Sunday, December 20, 2009
Christmas = childlike wonder...or does it?
This year I’ve tried to rediscover Christmas from Juliette’s eyes. She’s still not totally aware of what Christmas means, but she’s certainly enchanted by the big thing with lights that has invaded the apartment. The first few times she whimpered at the sight of the “chee”. Now she looks at it curiously and asks to see the “baby,” the ornament which has a picture of her from last year. But she still walks closest to the wall when she must pass the tree.
She wasn’t too impressed by her meeting with Santa this year at the daycare Christmas program, as you can tell by the photo. Frankly we didn’t talk him up too much this year either. The biggest hit so far has been the Christmas toy catalog which is much worse the wear after two months of daily page-turning/tearing. Gift-wise we finally decided on a baby jumbo Lego-like system that has a table she can construct things on and a baby doll that you can give a bath to. I get a warm feeling thinking about her reaction to the baby doll, which I think she will quickly become attached to.
Then we have been treated (though sometimes I might say cursed) with some snow these past few days. As an Alabama girl who didn’t see white stuff very often, I’m always impressed by snowfall. I don’t particularly like driving in it though in my city they do a pretty good job of sanding the roads before-hand. It’s not perfect though and some small roads are still rather white. This morning we woke up to steady snow showers. Now the sun is making some of it melt and the drops sound like bells as they fall on the metal railing of the balcony.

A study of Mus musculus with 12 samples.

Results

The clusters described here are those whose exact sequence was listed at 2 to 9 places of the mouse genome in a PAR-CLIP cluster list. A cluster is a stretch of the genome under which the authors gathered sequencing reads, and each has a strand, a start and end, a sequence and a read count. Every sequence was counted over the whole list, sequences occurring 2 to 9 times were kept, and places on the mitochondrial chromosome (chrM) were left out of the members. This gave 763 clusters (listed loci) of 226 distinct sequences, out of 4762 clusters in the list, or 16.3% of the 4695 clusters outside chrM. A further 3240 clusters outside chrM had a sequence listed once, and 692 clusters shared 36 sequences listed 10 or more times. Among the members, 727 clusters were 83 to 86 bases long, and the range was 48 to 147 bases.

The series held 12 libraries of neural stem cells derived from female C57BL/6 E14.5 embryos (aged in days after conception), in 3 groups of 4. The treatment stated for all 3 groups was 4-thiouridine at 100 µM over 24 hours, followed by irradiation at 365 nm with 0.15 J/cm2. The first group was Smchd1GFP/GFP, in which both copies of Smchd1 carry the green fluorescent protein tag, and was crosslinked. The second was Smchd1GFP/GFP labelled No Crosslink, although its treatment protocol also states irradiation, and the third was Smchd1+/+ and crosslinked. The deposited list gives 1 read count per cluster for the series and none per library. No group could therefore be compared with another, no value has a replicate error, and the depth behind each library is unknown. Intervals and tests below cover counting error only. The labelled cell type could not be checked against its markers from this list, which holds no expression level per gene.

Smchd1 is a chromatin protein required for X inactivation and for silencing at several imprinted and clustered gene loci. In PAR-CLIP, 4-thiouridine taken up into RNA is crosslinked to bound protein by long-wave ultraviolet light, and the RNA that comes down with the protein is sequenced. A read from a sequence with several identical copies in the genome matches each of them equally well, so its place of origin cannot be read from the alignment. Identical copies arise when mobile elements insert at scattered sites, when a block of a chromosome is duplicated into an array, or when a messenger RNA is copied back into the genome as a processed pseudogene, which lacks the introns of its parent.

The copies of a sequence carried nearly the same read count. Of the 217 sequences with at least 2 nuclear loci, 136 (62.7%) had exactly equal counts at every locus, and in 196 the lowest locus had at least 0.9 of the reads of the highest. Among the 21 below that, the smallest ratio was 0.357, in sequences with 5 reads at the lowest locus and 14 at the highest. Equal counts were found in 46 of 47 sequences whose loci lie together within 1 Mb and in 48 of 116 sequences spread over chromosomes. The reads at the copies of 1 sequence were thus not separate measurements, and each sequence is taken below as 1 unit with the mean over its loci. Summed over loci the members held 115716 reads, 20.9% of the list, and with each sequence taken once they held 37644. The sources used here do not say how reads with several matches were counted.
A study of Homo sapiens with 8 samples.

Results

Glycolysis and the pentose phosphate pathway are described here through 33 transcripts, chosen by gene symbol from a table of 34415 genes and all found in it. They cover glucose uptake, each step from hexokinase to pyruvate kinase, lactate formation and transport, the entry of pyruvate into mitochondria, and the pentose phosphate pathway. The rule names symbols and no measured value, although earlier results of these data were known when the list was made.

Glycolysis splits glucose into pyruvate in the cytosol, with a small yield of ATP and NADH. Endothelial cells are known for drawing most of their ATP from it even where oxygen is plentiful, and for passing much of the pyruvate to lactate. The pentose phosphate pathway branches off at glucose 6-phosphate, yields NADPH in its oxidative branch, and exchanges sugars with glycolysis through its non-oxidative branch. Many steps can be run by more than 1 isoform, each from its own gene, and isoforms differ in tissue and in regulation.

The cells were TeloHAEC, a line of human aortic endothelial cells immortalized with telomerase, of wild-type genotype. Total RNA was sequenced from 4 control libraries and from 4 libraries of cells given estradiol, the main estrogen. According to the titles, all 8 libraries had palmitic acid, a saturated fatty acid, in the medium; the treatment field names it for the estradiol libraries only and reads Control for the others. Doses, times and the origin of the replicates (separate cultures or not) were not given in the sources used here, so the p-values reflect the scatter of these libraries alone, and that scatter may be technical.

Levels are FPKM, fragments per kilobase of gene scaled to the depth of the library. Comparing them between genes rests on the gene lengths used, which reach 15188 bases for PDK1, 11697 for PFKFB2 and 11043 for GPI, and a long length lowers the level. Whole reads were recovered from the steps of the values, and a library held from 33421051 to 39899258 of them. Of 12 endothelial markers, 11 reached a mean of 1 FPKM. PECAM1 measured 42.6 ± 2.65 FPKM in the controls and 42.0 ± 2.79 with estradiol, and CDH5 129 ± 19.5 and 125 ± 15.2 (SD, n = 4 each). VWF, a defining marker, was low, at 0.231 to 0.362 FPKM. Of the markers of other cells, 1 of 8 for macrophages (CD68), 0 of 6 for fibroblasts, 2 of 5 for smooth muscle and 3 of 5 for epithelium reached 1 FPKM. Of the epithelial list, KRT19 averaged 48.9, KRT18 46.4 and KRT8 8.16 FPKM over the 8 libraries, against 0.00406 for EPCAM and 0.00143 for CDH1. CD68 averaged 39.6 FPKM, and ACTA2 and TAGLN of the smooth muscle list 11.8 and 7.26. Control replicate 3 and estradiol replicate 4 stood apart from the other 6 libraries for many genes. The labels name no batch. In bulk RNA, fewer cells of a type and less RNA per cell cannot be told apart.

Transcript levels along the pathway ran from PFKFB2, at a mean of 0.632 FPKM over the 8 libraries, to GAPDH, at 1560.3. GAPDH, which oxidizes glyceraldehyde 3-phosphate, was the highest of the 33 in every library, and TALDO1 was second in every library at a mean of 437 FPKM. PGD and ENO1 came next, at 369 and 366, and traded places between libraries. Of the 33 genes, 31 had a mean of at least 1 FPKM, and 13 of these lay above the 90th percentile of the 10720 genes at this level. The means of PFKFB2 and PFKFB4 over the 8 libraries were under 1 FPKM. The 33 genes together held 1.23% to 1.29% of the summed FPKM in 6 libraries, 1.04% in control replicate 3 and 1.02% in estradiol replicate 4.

But aside sharing these warm moments with baby and watching snow, I’ve realized that I’m unfortunately too grown-up to totally see the season in that wondrous child-like way anymore. I get too consumed by the little things. Like finding appropriate presents for the babysitter and ones light enough to ship to American family, despite their protests that they don’t need anything. There comes that point in the season when you start to panic, realizing there are only X days before the big day and you’ve still got hundreds of details to finalize. At least in France they don’t go overboard with presents so this does ease up the stress a little. However they totally make up for it by becoming obsessive about meals.
I remember my first year in France with my host family. I was amazed the mother was considering serving ostrich as the main meat. Apparently “normal” meats like chicken and roast beef are boring for Christmas meals. Appetizers seem to be fit for five-star restaurants: scallops and lobster bisque, truffles, oysters, special patés and of course, foie gras. And as I’ve decided to actually host a Christmas Eve meal this year, I started to wonder if I was “à la hauteur” or good enough to really do this. Lucky for me there are two expat girls who are coming, but it’s my husband and another French husband who may have higher expectations. Tant pis, too bad, I told Remi after barely catching myself from another panic attack. This will be an American Christmas style meal with some French touches. I’ll go French on the appetizer: with smoked salmon and some little vegetable sides. It’s no coincidence this is the easiest of all the French appetizers to prepare. Then the main meal will strangely resemble Thanksgiving, with turkey and potatoes, green beans, pumpkin pie and another dessert perhaps.
And I’ll try a little harder to just relax and enjoy this Christmas thing.